Although Beijing has cut reserve ratios for banks and urged them to lend to companies hit by global trade tensions and the slowing domestic economy, the funding needs of SMEs are still not met, Jiang Jianqing, former chairman of Industrial & Commercial Bank of China Ltd., told delegates at the 15th China International Finance Forum in Shanghai on Dec. 16.

The availability and credibility of credit information are two main challenges faced by banks when assessing lending requests from small businesses, Jiang said.

"It could develop into a vicious circle if banks refuse to lend due to rising default concerns," he said.

In China, SMEs account for more than 60% of the GDP and 80% of total employment, according to the country's central bank. However, the average nonperforming loan ratio of SMEs were 120 basis points higher than the average ratio for midsize and large enterprises as of end-March, which has stoked concerns about credit risk in China's banking sector.

In the past, many SMEs relied on shadow banking to fund their operations. But as the government started cracking down on excess credit outside the banking system, funding became particularly tight for small businesses. According to Jiang, outstanding loans to SMEs totaled more than 25 trillion Chinese yuan as of end-June.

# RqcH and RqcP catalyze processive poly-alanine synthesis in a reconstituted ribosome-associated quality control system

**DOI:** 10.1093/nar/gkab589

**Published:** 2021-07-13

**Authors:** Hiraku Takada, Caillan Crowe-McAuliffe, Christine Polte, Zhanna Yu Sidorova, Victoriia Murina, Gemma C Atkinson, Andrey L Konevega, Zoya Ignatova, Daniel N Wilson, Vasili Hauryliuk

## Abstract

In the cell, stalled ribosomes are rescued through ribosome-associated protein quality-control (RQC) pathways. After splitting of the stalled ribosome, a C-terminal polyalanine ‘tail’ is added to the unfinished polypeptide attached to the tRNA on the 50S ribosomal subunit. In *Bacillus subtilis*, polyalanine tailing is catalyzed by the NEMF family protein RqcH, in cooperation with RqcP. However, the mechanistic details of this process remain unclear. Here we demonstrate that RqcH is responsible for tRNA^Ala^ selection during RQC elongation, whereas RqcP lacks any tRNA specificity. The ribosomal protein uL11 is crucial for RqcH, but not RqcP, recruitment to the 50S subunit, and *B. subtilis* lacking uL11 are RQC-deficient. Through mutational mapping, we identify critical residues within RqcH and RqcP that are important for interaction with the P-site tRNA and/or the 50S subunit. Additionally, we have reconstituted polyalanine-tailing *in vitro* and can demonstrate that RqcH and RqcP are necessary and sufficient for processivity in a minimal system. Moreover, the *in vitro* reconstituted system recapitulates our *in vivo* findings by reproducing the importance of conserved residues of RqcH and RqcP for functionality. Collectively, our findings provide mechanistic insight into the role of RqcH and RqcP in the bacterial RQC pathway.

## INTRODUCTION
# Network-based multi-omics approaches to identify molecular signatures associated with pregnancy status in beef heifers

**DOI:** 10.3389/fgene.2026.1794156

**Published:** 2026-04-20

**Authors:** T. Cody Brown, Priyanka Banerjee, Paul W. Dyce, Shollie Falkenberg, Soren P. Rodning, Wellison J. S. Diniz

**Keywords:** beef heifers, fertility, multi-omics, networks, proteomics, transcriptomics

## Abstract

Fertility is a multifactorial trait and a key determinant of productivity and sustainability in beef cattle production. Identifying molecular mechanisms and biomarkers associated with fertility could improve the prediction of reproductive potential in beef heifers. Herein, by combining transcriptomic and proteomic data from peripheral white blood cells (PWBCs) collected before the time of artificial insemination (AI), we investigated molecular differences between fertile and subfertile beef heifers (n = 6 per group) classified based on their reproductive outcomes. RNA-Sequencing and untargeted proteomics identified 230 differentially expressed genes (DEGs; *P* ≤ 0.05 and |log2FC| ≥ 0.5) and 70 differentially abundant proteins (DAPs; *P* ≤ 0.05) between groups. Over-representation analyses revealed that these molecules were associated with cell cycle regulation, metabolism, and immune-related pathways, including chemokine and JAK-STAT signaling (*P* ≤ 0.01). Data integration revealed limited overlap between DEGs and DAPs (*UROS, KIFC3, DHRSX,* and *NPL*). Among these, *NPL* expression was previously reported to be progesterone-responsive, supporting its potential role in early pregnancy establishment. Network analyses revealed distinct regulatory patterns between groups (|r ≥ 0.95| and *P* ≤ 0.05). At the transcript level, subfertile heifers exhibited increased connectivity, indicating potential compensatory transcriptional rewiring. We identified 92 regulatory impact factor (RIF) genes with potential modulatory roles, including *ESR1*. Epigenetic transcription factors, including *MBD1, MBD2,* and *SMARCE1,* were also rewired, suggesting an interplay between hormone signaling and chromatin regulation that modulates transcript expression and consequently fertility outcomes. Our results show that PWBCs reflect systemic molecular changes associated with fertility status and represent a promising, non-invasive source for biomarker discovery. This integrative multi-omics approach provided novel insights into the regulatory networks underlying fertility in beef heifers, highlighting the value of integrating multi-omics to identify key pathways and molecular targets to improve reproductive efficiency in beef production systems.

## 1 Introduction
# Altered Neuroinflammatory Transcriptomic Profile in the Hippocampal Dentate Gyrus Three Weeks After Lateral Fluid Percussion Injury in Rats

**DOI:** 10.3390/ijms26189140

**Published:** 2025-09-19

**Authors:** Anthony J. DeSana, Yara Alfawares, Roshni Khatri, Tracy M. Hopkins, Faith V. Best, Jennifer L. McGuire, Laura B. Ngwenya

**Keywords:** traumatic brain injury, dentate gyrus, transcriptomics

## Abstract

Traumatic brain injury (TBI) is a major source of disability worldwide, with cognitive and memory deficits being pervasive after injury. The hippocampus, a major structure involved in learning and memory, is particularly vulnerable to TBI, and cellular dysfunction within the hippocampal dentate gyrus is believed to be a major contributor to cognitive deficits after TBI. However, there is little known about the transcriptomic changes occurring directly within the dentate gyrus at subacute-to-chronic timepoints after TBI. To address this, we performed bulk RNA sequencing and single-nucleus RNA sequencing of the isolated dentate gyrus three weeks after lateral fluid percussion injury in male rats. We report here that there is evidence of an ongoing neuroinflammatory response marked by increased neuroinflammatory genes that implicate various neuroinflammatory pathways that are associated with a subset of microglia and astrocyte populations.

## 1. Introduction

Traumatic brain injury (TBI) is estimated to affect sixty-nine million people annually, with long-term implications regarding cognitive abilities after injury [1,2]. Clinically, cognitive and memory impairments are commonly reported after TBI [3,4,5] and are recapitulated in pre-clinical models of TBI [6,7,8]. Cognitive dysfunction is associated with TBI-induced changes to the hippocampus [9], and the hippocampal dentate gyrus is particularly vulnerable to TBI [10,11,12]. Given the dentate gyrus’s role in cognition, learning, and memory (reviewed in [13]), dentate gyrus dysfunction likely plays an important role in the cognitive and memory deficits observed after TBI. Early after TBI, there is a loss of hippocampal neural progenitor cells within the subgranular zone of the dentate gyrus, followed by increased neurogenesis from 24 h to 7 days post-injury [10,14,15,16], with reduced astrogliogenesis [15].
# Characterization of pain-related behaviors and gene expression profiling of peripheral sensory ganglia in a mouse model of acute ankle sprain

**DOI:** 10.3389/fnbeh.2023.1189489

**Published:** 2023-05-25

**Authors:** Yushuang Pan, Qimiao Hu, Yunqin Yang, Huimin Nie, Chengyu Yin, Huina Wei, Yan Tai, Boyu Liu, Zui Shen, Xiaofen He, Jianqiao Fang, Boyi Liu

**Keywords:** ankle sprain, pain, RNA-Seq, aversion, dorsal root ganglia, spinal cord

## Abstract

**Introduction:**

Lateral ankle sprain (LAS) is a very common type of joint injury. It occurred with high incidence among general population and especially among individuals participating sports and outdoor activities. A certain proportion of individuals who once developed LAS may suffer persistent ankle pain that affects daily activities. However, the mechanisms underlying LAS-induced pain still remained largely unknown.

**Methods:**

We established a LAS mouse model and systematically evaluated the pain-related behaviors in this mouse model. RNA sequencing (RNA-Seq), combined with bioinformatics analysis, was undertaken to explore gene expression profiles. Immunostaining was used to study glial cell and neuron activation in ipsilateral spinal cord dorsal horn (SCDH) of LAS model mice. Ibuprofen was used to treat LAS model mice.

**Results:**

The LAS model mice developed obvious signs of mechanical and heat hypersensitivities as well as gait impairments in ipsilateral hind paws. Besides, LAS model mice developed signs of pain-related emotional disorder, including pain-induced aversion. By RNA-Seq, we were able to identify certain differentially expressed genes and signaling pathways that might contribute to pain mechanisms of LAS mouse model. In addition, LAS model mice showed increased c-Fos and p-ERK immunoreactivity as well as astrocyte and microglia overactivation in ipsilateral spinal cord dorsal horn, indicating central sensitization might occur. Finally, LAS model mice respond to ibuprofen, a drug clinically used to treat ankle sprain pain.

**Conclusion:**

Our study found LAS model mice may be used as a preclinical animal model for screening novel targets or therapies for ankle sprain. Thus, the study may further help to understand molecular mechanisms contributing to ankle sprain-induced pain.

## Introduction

To address increasing liquidity stress, the government has encouraged banks to lend more to the economy, small enterprises in particular. It has also cut required reserve ratios four times since the beginning of the year to free up more cash for lending.

Jiang urged Chinese authorities to strengthen regulations on credit fraud and information authenticity.

"A nationwide, public credit database that covers both enterprises and individuals is needed to help SMEs secure funding," he said, adding that banks should take the initiative to gather or verify SMEs' credit data by leveraging financial technologies.

As of Dec. 14, US$1 was equivalent to 6.91 Chinese yuan.